CLEVELAND – More than 1,200 job seekers, including 900-plus Cleveland State University students and alumni, met employers from more than 140 companies on March 8 at CSU's Spring Career Fair.

This was the 34th installment of the annual event, the largest career fair of its kind in Northeast Ohio.

In addition to valuable leads on full-time positions, internships and co-op opportunities, the 2013 Spring Career Fair also delivered a strong dose of hope. Amid indications of a national economic rebound, the vibrant event brought a record number of employers to Woodling Gym on the CSU campus to scout talent.

Prospective hires connected with representatives from leading area companies, including American Greetings, the Cleveland Clinic, Eaton, Hyland Software, Lincoln Electric and Progressive Insurance, among many others. Among the industries represented were banking, engineering, government, health care, information technology, manufacturing, marketing and retail.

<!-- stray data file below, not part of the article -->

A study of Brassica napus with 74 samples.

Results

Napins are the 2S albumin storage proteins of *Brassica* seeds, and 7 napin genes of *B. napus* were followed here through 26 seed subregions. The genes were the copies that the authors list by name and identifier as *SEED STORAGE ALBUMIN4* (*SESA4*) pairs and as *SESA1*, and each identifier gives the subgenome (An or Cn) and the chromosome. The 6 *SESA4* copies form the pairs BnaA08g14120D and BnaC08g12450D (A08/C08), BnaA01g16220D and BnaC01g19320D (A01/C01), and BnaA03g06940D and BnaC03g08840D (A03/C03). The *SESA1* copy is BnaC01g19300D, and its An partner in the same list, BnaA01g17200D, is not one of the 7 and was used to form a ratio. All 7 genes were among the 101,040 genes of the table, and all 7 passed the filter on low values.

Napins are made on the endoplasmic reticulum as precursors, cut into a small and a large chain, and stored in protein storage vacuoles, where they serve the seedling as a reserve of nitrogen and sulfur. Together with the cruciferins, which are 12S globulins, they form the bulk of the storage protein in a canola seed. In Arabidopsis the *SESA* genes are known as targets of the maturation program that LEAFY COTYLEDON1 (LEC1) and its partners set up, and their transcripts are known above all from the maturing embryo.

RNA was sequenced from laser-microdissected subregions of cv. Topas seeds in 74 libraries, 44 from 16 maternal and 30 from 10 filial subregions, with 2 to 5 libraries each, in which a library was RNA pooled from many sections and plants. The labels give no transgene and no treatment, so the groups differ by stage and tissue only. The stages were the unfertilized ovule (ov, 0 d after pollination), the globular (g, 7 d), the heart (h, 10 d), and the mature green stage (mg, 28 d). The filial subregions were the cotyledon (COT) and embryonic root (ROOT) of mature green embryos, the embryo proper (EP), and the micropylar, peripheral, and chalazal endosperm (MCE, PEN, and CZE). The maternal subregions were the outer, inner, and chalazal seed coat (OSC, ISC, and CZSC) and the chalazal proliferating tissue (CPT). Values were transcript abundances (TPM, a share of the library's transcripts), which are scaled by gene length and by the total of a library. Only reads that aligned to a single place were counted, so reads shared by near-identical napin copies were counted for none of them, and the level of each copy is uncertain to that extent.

The Spring Career Fair was preceded by a full slate of other Career Week programs that drew more than 800 attendees. Informative sessions covered a range of topics, including effective resume writing, successful job-interview strategies and career networking opportunities.

The Spring Career Fair and Career Week were organized by CSU's Career Services Center, which networks with more employers than any other public university in Northeast Ohio.

"Cleveland State University is dedicated to helping students find fulfilling careers after graduation," said Yolanda Burt, director of the CSU Career Services Center. "As a best-in-class urban university, we're also committed to connecting Cleveland employers with our immense talent pool of CSU students. We had more companies than ever at our Spring Career Fair, and they were very impressed with the qualifications and professionalism of our job candidates. For CSU students and Northeast Ohio employers alike, this was a win-win situation."